Drug Courts Keeping People in Jail Longer Than Their "Sanctions," Lawsuit Alleges Due Process, Other Rights Violations

Indiana drug court under fire


"from room to room stand gatekeepers, each more powerful than the other"

The Indiana Lawyer has an interesting piece focusing on lawsuits against drug courts in the state. It begins thus:

Destiny Hoffman furnished a diluted drug screen and was sanctioned with a 48-hour stay in the Clark County Jail. She wasn't freed for another five months.

Jason O'Connor was given a 30-day drug court sanction on June 20 of last year, but he lingered behind bars in Jeffersonville until Jan. 24 – more than 180 days longer.

Nathan S. Clifford also was detained months longer than he should have been.

They're not the only ones.

"I would anticipate we're going to find more of these," said Nathan Masingo, a public defender who represented Hoffman until she pleaded guilty to a Class D felony possession of a controlled substance charge last year and was diverted to drug court. As is customary after someone enters drug court, Masingo then withdrew from the case. He knew nothing of Hoffman's protracted detention.

Masingo tells the Indiana Lawyer it seems that drug courts operate under the mistaken premise that defendants in drug court have waived their due process rights. The lawsuit by Hoffman, O'Connor, Clifford, and at least three others, allege a violation of due process rights and the right to representation by a lawyer. There may be criminal charges related to the alleged abuses as well, according to the Indiana Lawyer, which reports that Clark County's prosecutor has petitioned for a special prosecutor "to avoid the appearance of impropriety during any further investigation." That special prosecutor was appointed last week, and last month the drug court's director was fired by the judge who created the program. Attorneys the Indiana Lawyer spoke to say the practice of unlawful, extended detentions is widespread in the drug court system.

Read the entire Indiana Lawyer piece here, and Reason on the bipartisan push for rights-violating drug courts here.

Semi-related: Franz Kafka on the U.S. legal system


    So there’s no need to legalize drugs because all the problems with the Drug War are solved.

    1. It’s job creation! Only people who are job-killers could be opposed to drug court.

  2. “‘drug courts”


    Ok, I read the other article. Its a ‘halfway house’ system for drug offenders intended to reduce prison populations by… maintaining people in a perpetual limbo between freedom and arbitrary incarceration?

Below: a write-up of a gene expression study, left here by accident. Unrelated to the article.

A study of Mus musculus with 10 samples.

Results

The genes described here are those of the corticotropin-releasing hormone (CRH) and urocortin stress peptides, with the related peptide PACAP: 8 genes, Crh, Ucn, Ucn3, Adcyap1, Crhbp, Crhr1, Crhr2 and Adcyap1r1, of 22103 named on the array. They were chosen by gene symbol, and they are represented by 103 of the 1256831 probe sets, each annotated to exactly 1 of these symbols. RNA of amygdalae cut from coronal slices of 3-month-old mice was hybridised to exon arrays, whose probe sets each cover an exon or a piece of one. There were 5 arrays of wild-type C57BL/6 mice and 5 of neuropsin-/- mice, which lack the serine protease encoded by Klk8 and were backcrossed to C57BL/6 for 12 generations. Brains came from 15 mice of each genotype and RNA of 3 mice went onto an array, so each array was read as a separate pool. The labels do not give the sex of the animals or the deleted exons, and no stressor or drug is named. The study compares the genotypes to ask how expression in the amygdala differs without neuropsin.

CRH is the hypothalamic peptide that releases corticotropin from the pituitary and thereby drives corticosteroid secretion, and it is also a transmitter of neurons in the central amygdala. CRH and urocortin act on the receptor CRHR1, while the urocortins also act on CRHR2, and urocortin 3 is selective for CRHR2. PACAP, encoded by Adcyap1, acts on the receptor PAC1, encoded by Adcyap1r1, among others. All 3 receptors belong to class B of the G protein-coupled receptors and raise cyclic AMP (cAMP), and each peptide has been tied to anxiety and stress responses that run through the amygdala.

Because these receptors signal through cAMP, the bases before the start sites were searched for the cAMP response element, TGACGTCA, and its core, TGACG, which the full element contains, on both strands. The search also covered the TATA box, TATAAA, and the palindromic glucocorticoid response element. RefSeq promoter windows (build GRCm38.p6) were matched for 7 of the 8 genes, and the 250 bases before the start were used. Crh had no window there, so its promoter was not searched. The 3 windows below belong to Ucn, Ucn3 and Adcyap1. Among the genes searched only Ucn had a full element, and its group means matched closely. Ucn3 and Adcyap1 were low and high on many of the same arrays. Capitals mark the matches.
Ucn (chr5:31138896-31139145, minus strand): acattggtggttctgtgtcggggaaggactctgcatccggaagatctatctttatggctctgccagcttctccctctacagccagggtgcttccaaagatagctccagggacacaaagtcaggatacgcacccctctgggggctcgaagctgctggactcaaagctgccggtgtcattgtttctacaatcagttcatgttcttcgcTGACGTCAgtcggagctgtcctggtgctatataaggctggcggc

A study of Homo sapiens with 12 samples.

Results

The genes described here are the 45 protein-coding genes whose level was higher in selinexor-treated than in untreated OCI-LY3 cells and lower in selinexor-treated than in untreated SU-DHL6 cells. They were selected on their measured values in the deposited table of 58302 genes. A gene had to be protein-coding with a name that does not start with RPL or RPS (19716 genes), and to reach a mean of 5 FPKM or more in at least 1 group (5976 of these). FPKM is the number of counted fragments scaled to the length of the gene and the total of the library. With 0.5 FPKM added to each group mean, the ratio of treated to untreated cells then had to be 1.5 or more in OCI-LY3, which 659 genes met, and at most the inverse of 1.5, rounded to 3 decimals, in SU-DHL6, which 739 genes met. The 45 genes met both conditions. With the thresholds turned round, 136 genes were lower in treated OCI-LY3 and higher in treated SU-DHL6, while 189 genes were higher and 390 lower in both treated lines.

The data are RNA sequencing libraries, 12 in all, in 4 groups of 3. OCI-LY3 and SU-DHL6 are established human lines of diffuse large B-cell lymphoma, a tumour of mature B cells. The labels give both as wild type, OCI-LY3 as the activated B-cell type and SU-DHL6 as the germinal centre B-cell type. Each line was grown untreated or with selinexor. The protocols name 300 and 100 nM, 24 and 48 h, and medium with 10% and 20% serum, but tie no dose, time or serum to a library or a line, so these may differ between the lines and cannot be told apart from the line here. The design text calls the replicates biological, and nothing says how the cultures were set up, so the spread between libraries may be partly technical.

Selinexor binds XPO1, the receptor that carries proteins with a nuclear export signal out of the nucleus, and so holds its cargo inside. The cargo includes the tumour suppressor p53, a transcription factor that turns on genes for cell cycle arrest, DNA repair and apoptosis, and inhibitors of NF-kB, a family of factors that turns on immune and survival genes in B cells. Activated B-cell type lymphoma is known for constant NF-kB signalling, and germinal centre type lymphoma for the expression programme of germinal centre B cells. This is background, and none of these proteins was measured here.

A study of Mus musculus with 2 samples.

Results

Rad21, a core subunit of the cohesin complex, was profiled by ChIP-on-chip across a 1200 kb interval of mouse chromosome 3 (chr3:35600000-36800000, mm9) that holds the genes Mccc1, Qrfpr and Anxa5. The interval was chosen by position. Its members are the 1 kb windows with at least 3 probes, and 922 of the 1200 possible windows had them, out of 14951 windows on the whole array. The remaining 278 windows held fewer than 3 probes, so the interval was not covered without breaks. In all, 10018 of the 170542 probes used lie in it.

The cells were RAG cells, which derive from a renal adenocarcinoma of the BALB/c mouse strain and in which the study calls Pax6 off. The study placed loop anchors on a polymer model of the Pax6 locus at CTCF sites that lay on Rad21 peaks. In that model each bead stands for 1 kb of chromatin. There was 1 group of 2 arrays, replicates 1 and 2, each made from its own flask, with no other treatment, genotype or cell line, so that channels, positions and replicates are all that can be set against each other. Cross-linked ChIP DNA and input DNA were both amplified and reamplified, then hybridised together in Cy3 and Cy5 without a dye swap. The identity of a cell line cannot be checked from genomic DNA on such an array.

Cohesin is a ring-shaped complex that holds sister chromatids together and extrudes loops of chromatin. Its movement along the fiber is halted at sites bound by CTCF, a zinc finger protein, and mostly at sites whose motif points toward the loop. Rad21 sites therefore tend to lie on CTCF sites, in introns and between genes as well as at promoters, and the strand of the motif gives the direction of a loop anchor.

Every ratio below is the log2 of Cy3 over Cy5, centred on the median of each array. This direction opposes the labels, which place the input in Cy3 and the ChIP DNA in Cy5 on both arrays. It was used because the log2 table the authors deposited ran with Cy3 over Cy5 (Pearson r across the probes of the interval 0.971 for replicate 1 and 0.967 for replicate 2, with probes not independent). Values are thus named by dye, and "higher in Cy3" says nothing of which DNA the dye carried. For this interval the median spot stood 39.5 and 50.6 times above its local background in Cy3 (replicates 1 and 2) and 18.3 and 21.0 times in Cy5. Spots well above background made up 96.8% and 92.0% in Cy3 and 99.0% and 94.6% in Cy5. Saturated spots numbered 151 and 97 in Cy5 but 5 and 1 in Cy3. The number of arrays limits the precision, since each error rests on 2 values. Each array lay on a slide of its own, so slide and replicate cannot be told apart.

This ‘reform’, I think the word needs some study.

    “a way for policymakers to make it look like they’re doing something on the war on drugs without actually addressing the war on drugs.”

    That sounds about right.

  3. …drug courts operate under the mistaken premise that defendants in drug court have waived their due process rights.

    We already know that the Bill of Rights is suspended where the War on Drugs is concerned, so the war’s courts probably have it right.

    1. Listen buddy there’s no due process in war and this most definitely is WAR. It’s right there in the name.

  4. If Darleen Click should show up: Fuck You, Cunt

  5. It has been painfully obvious since their inception that “drug courts” are worst than criminal courts. They were created so that the system can be certain to screw over petty users whose case would normally be dismissed in actual courts.

    1. Let’s not forget acting as job creation for many state agencies, non-profits, and other organizations that suckle at the state teat.

  6. Masingo tells the Indiana Lawyer it seems that drug courts operate under the mistaken premise that defendants in drug court have waived their due process rights.

    No kidding.

    Repent ye of your sins, and surrender yourself to the True Church.

  7. Every hardcore druggy I’ve known boosts (slang for shoplifting). What’s the correct legal term for this? petty larceny, I don’t know.

    First offense: three days breaking rocks in the hot sun. Second offence: 6 days. Third offense: 12 days.
    This serves as an IQ test also.

    But what about the Pusherman? Well … that is the worst R&R song ever written (by Steppenwolf). It so awful I won’t link to it:


    1. Pusherman was written by Curtis Mayfield.

      The Pusher was written by Hoyt Axton (who did a lot of lame drug songs).